Cuomo and de Blasio unite in push for $1 billion waiver for Brooklyn hospitals
Cuomo: February is the last chance
Governor Andrew Cuomo and Mayor Bill de Blasio, at a Monday news conference in Albany, presented a united front in their plea to the federal government to act immediately on New York State’s $10 billion Medicaid Waiver request, of which $1 billion would go towards transforming teetering Brooklyn hospitals.
“Help delayed is help denied,” Governor Cuomo warned. “If we don’t get help, hospitals will collapse.”
Mayor de Blasio told representatives from Brooklyn gathered in the Red Room that the $1 billion would have “a seismic impact for the long term.”
“We’ve been living hand to mouth, and in the court system,” de Blasio said, referring to the year-long battles waged by supporters of Long Island College Hospital (LICH) in Cobble Hill and Interfaith Medical Center in Bedford-Stuyvesant. Brookdale University Hospital, in eastern Brooklyn, is also on the brink. De Blasio, when Public Advocate, was arrested during the fight to save the LICH from closure by the state.
Getting those federal dollars in time to save LICH and Interfaith is crucial, he said. Both Mayor de Blasio and Gov. Cuomo called on the U.S. Department of Health and Human Services (HHS) to “give us the waiver” sooner rather than later.
The state needs approval by February, Gov. Cuomo said. “February is the last period I can do a modification to the budget. If we get the waiver, then I will do a budget modification.”
In his Executive Budget address last week, Governor Cuomo blamed the federal government’s foot-dragging for exacerbating Brooklyn’s hospital crisis. The waiver application was first filed 18 months ago, and was revised more than a month ago after months of back and forth conversations with HHS.
Last week the state received a letter from HHS Secretary Kathleen Sebelius summarizing the changes but saying that more needed to be done.
According to an AP report, Sebelius said in the letter that they’ve begun drafting “a potential agreement” based on New York’s revisions, but there are “outstanding issues.” She proposed additional staff meetings this week “to expedite this process.”
“We’ve been doing short-term planning for 18 months,” Gov. Cuomo said on Monday. “While other states were given approval in just a few months, New York is still waiting and hospitals in Brooklyn will close if we wait any longer. We need HHS funding to transform the system.”
He added, “Reality doesn’t have to fit the government process, the government process has to fit reality.”
Gov. Cuomo maintained that Brooklyn has “excess” hospital beds and not enough primary care. De Blasio, however, said that the emergency rooms at LICH and Interfaith are the “first point of access to health care” for a quarter of a million people.
The Medicaid waiver was “meant explicitly for this type of situation,” he said. “I have spoken to Kathleen Sebelius. It’s truly the time for action. I am convinced we can secure local health care . . . emergency room capacity, primary and urgent care, along with mental health capacity at Interfaith.”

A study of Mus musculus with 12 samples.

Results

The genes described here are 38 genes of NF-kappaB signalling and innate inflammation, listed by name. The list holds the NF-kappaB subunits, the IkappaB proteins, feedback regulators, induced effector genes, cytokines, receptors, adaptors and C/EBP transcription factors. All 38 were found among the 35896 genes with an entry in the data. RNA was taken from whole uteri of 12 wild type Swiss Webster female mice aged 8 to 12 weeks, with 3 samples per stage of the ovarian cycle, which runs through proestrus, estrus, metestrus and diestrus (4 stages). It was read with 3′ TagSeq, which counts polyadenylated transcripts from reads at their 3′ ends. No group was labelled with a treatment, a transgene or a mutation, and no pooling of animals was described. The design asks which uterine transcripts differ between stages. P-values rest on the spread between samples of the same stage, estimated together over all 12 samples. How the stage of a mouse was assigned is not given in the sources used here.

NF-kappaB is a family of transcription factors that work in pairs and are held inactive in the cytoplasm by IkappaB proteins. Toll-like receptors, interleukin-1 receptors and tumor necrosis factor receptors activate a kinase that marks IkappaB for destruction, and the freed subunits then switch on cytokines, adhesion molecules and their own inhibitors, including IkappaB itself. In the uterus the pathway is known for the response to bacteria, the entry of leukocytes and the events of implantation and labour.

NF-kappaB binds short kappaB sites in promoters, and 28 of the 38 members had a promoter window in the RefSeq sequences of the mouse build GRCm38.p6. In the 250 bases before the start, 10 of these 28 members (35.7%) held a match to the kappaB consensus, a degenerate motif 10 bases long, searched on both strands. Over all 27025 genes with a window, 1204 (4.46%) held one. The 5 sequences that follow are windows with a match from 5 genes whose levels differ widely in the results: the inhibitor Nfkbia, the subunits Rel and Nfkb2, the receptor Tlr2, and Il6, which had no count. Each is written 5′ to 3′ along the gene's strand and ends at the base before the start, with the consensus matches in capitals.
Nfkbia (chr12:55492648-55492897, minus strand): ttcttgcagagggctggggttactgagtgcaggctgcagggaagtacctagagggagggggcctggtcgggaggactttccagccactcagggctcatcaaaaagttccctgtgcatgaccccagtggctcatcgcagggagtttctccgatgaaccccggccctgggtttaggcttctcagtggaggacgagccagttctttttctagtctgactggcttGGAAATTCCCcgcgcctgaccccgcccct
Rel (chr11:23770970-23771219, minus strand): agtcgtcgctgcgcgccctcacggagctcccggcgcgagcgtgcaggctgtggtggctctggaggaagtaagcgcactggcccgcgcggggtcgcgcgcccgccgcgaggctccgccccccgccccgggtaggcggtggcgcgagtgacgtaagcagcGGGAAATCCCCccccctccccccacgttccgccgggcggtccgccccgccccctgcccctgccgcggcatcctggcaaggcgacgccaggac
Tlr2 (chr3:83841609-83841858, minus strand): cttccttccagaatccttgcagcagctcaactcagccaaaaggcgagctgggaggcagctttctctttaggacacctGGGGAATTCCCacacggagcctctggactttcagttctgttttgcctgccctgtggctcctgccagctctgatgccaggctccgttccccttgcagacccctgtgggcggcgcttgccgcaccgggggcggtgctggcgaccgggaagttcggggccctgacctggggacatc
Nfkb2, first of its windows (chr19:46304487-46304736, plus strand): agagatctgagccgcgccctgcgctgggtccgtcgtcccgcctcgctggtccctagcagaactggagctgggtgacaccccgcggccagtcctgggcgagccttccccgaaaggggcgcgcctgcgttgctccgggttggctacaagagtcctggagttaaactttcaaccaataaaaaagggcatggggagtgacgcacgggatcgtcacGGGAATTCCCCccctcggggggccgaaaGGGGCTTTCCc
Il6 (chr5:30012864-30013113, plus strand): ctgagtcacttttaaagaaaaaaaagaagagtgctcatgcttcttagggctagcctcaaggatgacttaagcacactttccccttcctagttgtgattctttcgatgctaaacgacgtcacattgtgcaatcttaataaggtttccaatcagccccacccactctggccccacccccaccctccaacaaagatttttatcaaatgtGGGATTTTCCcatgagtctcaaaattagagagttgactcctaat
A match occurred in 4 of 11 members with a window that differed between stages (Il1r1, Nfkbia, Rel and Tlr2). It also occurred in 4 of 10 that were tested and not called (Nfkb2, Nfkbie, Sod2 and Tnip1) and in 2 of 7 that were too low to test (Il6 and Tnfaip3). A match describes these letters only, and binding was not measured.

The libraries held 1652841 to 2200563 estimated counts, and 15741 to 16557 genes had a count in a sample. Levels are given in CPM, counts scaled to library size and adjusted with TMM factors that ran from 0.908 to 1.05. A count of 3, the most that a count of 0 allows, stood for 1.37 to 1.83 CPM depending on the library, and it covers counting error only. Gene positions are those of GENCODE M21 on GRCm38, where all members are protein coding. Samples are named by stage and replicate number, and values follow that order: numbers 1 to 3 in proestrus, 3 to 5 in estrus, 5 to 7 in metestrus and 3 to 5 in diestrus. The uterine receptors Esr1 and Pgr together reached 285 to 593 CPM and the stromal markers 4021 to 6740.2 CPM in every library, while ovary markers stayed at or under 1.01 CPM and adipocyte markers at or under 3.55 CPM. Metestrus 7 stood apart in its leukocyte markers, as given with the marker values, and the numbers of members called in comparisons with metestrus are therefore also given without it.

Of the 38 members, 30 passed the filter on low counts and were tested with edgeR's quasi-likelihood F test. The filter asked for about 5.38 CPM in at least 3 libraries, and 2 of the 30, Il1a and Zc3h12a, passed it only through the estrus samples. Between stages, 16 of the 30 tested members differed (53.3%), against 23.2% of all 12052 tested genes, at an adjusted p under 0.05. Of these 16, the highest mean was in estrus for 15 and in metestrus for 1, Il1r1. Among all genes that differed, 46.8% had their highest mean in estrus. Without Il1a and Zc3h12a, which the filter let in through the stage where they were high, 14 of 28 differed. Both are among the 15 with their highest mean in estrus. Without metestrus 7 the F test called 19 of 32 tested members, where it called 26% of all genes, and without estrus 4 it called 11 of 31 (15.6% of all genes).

De Blasio also pointed out that New York City has lost 12 hospitals over the last 12 years. “The same mistakes have played out over and over again. There has not been a clear strategy. This time, we are working together.”
Both Mayor de Blasio and Governor Cuomo highlighted their long-term relationship, with “20 years of working together.”
“We use the word friend often in politics and sometimes casually,” Cuomo said. “But the mayor truly is a friend in every sense of the word. We go way back.”
Despite suing several state agencies for their attempts to shut the Brooklyn hospitals, on Monday de Blasio thanked the state for “stepping in” while awaiting the federal government to move on its request for the waiver funds. “I know it hasn’t been easy, Governor, and I know it hasn’t been cheap, but you did something powerful by helping us have the opportunity to bridge to long-term solutions.”
New York State Medicaid Director Jason Helgerson said that the Governor’s budget opened the door to investment by private equity in the health care system.
A three-pronged approach would include “state borrowing, private equity, and the waiver together,” he told reporters. While this would still not allow a “for-profit administration,” it would allow some private investment,” he said.
The Governor’s Medicaid Redesign Team identified savings of $34 billion in New York’s Medicaid system while adding half a million people to the program. If approved, the waiver funds is meant to allow the state to reinvest its portion of these savings, $10 billion, toward improvements in the state’s healthcare delivery system.
Assemblyman Joseph Lentol, Dean of the Brooklyn Delegation of the New York State Legislature said in a statement, “I am pleased to join with Governor Cuomo and Mayor Bill De Blasio in unified support for saving Brooklyn’s hospitals. The health system of Brooklyn cannot be allowed to collapse. We must work to restore Brooklyn’s hospitals and health care system back to its own fiscal fitness and move it forward so that Brooklyn boasts a creative and vital health care system for its residents.”
Updated at 5:45 p.m. with clarification about the timing of a letter from HHS Secretary Kathleen Sebelius.